Adopting Your New Normal after a Diagnosis of Metastatic Breast Cancer
by Neal Niznan, MSW, LCSW
"Toto,I have a feeling we’re not in Kansas anymore,” Dorothy tells her little dog in the film The Wizard of Oz as she looks at the surreal landscape of Munchkin Land, realizing that the familiarity of her life has dramatically changed. Maybe you experienced a similar realization when you heard the words metastatic disease.
Whether these words were spoken during your initial diagnosis or after many years as a breast cancer survivor, a diagnosis of metastatic breast cancer makes you stop and ponder if your life will ever get back to normal. Unlike Dorothy, who awoke to the relief that her misadventures in Oz were only a dream, you live the reality of your illness daily, waking each morning to its new challenges. However, like Dorothy, you can meet these challenges by adapting to your “new normal.” By focusing on what is important to you, setting manageable goals, and receiving support from others, you can reclaim a sense of emotional well-being and normalcy.
Lions and tigers and chemo, oh my!
Deciding to adapt to your new circumstances, rather than pretend they will simply go away, allows you an opportunity to set positive goals for yourself. Dorothy faced many adversities on her path to the Emerald City – angry apple trees, flying monkeys, and the Wicked Witch of the West, who initially thwarted her plans to get back home. However, Dorothy was goal oriented and knew what she wanted to achieve despite the challenges set before her.
Developing your new normal requires you to identify what you need and want in life, set goals, and work hard to reach those goals.
Developing your new normal requires you to identify what you need and want in life, set goals, and work hard to reach those goals. Part of adopting a new normal is figuring out how to maintain as much of your pre-cancer life or regular routine as possible within the context of the changes that are happening around you. This means incorporating the demands of treatment along with a need for downtime into your daily schedule.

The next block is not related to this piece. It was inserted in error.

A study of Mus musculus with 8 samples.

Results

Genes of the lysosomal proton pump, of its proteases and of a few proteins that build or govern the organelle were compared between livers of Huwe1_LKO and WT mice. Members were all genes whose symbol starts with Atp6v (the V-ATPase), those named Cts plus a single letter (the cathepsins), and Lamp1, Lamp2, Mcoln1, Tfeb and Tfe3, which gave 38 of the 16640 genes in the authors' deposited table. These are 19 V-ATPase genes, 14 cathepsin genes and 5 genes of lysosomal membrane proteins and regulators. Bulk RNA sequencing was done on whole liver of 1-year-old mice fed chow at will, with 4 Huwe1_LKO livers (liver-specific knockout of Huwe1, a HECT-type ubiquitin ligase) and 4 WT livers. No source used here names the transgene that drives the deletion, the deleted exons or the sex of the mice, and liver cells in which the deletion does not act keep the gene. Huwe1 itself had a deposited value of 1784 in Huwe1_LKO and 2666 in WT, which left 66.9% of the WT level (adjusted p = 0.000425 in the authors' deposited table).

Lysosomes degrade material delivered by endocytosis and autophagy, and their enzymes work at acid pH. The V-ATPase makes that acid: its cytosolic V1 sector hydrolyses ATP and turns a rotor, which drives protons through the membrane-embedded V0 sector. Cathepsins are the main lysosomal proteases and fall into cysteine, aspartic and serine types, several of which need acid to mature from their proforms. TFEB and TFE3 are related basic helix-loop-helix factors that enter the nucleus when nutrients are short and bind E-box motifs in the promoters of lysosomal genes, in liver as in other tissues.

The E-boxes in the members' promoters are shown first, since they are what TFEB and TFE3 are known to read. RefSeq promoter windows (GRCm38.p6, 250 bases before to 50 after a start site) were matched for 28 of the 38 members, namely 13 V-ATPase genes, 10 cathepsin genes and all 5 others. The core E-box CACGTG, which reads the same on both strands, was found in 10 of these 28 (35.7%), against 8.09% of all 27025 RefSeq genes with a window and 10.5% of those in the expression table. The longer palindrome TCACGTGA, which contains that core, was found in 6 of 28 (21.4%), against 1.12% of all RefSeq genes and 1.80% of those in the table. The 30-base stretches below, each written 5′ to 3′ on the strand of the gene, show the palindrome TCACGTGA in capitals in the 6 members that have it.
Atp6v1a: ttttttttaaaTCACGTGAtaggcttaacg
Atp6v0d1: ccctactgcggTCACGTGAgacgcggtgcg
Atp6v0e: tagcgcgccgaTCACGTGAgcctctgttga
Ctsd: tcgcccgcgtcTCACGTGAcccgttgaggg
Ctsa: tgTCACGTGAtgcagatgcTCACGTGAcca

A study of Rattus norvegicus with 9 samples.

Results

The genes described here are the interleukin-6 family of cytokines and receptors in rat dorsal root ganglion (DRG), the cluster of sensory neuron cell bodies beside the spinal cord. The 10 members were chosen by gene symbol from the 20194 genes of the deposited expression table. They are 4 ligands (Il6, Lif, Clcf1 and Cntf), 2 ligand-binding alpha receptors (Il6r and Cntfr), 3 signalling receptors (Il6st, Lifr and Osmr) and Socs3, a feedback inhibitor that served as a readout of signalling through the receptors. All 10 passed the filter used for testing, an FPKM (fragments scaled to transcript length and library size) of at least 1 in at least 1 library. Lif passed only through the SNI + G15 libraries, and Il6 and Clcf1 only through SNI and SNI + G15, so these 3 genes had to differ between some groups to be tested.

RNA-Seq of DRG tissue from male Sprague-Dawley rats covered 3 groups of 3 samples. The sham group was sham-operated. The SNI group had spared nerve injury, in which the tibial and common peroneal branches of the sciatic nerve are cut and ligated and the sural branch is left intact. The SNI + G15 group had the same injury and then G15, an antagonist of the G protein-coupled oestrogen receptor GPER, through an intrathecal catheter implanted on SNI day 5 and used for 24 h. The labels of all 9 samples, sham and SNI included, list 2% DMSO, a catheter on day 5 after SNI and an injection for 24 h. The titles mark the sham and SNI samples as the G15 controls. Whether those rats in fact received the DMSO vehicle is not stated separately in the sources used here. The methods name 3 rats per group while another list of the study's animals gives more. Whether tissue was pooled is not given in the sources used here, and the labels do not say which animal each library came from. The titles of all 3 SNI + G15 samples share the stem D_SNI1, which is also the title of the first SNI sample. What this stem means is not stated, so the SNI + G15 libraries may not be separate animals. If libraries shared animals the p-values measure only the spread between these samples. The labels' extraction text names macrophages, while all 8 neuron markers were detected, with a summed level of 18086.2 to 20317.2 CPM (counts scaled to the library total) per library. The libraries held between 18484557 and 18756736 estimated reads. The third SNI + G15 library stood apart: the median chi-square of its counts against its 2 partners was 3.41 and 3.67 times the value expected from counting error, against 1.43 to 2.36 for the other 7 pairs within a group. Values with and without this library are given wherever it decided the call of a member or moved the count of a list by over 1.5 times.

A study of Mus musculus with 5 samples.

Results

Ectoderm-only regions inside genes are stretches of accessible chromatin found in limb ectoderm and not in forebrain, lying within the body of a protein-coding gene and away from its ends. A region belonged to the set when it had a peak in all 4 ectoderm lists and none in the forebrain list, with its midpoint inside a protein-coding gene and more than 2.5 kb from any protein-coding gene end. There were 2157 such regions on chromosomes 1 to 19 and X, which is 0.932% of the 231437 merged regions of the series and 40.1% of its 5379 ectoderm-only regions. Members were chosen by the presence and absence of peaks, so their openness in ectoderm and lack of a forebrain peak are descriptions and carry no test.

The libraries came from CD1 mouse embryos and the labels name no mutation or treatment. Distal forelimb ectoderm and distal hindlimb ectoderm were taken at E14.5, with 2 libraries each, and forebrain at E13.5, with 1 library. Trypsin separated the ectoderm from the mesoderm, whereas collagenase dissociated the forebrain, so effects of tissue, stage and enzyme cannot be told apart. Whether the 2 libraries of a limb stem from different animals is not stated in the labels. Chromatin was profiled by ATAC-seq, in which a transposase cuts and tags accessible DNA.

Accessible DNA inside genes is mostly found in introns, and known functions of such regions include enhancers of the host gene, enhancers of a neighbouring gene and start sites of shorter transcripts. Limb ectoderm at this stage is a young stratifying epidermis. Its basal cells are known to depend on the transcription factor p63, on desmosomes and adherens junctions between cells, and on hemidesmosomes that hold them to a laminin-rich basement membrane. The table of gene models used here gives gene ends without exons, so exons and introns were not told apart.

Don’t forget that Dorothy also took time to dance and sing with her friends along the yellow brick road. Making time for activities that you enjoy – ones that are creative, nurturing, and fun – is important in bridging the gap between your familiar, pre-cancer life and your new normal.
We’re off to see the Wizard.
It was through the support and dedication of her friends that Dorothy was able to persevere along her difficult journey. Collectively they protected and encouraged one another and celebrated each accomplishment.
Many survivors say their friends and family don’t really understand what they’re going through: “They don’t hear me. They don’t even know what I need.” Selecting the right friends and family to support you is integral to maintaining your new normal. Whether you connect with a group of other breast cancer survivors or sit down with close friends to ask if they are able to help, this will ensure that you have the tangible and emotional support you need along the way. Choose individuals who can truly support you, and try not to pursue those who have a negative attitude or can’t be there for you in the way you need them to be.
There’s no place like home.
Dorothy’s ultimate goal was to get home to the people and things that she valued most. Likewise, your new normal should incorporate the people and values that give your life a sense of meaning or purpose. In the beginning of the film, Dorothy had become displeased with life on the farm and decided to run away from her situation. As was true for Dorothy, it often takes a life-altering event for us to realize what is truly important in our lives. Focusing on our values and setting goals that reflect them is a step toward creating a new normal that gives you a genuine sense of purpose.
After a diagnosis of metastatic breast cancer, your journey toward adopting a new normal gives you an opportunity to find strength within yourself as you adapt to changes you did not choose for your life. Setting goals that reflect your values and meet your needs, choosing friends who provide support and comfort, and taking time for enriching activities will help you feel more “at home” with your new normal.
♦ ♦ ♦ ♦ ♦
Neal Niznan is an oncology social worker in the Department of Radiation Oncology at the Hospital of the University of Pennsylvania in Philadelphia, PA, and he maintains a private psychotherapy practice for individuals, couples, and families.
This article was originally published in Coping® with Cancer magazine, May/June 2014.